There is a lack of high-quality drug education in the UK. And if the government is serious about tackling substance abuse, it needs to focus on providing honest and balanced information on drugs.
New data on young people and drug abuse
The Department of Health has published its latest data on young people in treatment for substance abuse problems. Authors found [pdf] that the most common drug under-18s sought treatment for (88%) is still cannabis. Meanwhile, 49% were using specialist services for alcohol misuse, 11% for ecstasy and 9% for cocaine.
Professor Harry Sumnall, a member of the Advisory Council on the Misuse of Drugs, has urged journalists to note how “vulnerability and exploitation” play a crucial role in substance abuse. For example, as this Department of Health report highlights [pdf]:
The majority of young people presenting to specialist substance misuse services have other problems or vulnerabilities related to their substance use (such as having mental health problems, being ‘looked after’ or not being in education, employment or training or wider factors that can impact on their substance use (such as offending, self-harming, experiencing sexual exploitation or domestic abuse).
We can’t tackle substance abuse without addressing the complex, individual needs of users. But young people’s level of education about drugs is also a factor that has to be considered.
Drugs education in schools is usually carried out via the Personal, Social, Health and Economic (PSHE) curriculum. But in 2013, the PSHE Association published a report [pdf] by the Alcohol and Drug Education and Prevention Information Service showing that there is a lack of resources when it comes to drug education. And often non-specialist teachers deliver information on drugs and alcohol. It is also doubtful that 1-2 hours (sometimes less) of drug education per year for pupils is enough. This is a highly complex and important subject that deserves more expertise, attention and time.
Giving children a balanced drug education is important. As drug policy think tank VolteFace point out, only talking about the nasty effects of drugs doesn’t seem to deter people from using them. Being honest about drugs, on the other hand, can be a more effective way to engage young people.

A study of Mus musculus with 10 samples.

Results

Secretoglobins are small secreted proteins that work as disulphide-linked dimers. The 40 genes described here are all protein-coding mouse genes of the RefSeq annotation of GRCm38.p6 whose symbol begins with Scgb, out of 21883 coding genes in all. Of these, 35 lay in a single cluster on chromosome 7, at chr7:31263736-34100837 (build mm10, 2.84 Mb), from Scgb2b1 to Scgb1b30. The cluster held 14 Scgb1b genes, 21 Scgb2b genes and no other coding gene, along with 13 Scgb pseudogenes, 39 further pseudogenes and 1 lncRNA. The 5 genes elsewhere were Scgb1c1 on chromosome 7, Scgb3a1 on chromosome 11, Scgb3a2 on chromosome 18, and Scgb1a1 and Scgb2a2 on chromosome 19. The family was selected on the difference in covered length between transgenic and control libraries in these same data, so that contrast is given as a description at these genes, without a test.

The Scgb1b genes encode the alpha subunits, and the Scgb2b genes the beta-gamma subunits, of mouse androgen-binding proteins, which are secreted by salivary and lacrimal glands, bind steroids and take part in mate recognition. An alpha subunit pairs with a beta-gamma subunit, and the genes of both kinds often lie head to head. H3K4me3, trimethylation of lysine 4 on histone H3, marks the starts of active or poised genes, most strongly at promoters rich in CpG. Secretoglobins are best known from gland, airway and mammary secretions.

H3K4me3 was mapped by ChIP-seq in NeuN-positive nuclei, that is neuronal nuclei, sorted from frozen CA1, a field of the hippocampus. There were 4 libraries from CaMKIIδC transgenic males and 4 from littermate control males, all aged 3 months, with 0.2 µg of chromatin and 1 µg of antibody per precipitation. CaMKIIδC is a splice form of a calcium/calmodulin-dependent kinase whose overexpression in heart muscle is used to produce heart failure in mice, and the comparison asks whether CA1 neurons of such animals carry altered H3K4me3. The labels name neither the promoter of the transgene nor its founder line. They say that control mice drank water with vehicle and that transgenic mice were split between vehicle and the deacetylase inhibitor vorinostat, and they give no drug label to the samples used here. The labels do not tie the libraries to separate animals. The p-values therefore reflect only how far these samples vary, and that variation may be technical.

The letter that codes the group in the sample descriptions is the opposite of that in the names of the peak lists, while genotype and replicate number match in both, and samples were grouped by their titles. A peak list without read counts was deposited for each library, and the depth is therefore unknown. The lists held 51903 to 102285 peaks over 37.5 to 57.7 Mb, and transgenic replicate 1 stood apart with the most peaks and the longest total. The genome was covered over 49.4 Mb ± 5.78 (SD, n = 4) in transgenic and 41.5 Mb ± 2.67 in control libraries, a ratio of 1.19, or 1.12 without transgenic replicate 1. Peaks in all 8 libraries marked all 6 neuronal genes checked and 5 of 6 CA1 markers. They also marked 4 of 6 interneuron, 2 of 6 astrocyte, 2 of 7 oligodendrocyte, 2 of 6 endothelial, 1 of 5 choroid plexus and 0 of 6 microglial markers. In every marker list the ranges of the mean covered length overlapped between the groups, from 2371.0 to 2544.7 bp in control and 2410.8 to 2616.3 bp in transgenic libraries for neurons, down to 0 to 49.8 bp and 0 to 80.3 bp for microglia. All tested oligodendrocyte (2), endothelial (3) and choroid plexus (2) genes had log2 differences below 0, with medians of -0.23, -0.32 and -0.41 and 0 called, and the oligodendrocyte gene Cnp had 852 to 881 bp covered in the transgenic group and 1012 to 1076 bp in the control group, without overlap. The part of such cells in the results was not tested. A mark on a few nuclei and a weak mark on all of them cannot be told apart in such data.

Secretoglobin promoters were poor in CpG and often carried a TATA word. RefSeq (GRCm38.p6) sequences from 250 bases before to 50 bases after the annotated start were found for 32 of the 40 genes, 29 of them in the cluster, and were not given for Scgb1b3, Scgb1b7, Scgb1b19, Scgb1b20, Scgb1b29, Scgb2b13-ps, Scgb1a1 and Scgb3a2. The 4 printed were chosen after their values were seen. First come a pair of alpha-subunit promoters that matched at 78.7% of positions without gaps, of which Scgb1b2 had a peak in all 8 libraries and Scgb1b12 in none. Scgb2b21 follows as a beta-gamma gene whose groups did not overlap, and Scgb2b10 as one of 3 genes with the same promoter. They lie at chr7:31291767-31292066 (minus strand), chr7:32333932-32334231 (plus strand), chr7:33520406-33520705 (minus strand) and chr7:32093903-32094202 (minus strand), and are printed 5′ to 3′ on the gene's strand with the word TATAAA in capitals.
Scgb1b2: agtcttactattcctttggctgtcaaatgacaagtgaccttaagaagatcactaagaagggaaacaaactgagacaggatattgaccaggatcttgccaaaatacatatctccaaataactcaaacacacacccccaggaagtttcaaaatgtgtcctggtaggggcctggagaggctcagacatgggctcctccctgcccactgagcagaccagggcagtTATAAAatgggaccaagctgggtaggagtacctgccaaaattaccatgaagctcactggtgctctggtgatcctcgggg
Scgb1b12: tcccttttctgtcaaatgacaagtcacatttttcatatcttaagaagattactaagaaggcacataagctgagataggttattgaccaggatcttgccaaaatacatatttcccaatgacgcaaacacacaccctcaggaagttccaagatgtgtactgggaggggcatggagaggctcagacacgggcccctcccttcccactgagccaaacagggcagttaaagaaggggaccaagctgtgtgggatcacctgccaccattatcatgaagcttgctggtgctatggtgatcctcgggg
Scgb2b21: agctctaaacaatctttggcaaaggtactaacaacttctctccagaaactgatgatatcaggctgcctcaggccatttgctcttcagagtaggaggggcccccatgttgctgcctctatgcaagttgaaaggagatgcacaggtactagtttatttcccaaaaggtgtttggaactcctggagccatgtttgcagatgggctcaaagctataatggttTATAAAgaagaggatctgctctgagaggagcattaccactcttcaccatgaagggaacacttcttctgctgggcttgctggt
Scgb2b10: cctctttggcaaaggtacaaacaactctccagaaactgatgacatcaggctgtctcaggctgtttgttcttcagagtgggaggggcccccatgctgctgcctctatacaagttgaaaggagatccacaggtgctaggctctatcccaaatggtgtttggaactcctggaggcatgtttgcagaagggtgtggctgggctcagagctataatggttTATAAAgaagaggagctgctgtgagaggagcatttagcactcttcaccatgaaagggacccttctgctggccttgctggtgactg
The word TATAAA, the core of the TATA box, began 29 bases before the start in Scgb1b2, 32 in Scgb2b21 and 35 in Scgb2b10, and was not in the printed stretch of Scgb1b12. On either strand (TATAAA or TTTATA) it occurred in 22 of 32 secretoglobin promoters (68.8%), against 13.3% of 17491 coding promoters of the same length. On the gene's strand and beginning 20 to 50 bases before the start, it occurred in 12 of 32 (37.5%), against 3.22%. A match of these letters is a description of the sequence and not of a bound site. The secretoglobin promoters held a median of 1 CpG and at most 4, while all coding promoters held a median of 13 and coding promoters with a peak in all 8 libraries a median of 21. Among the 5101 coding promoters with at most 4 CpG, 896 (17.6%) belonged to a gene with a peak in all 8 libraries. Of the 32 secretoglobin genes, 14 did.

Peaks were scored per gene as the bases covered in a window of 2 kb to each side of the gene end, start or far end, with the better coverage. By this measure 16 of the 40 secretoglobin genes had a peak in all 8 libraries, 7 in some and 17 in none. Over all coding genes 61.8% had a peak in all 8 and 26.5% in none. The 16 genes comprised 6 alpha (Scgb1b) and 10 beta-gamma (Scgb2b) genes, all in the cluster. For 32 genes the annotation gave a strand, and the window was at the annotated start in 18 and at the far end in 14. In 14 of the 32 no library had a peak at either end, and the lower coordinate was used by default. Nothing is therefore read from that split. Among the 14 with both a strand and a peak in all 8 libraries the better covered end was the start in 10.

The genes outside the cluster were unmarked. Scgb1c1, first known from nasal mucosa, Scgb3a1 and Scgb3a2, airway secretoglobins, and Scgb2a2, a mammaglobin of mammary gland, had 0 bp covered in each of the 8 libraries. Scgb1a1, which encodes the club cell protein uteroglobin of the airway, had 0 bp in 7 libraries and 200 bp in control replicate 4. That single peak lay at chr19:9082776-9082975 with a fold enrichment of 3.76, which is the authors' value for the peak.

Drug education should be about harm reduction. It’s disappointing, therefore, that the government isn’t investing enough in service providers that take this approach. Instead, young people are being left to figure it out for themselves. And while there is plenty of credible information on drugs available online, we should be making it a lot easier for young people to access the information they need.
– Check out Erowid, a drug information website.
– See more articles from The Canary on drugs.
– Join us, so we can keep bringing you the news that matters.
Featured image via Wikimedia
We know everyone is suffering under the Tories - but the Canary is a vital weapon in our fight back, and we need your support
The Canary Workers’ Co-op knows life is hard. The Tories are waging a class war against us we’re all having to fight. But like trade unions and community organising, truly independent working-class media is a vital weapon in our armoury.
The Canary doesn’t have the budget of the corporate media. In fact, our income is over 1,000 times less than the Guardian’s. What we do have is a radical agenda that disrupts power and amplifies marginalised communities. But we can only do this with our readers’ support.
So please, help us continue to spread messages of resistance and hope. Even the smallest donation would mean the world to us.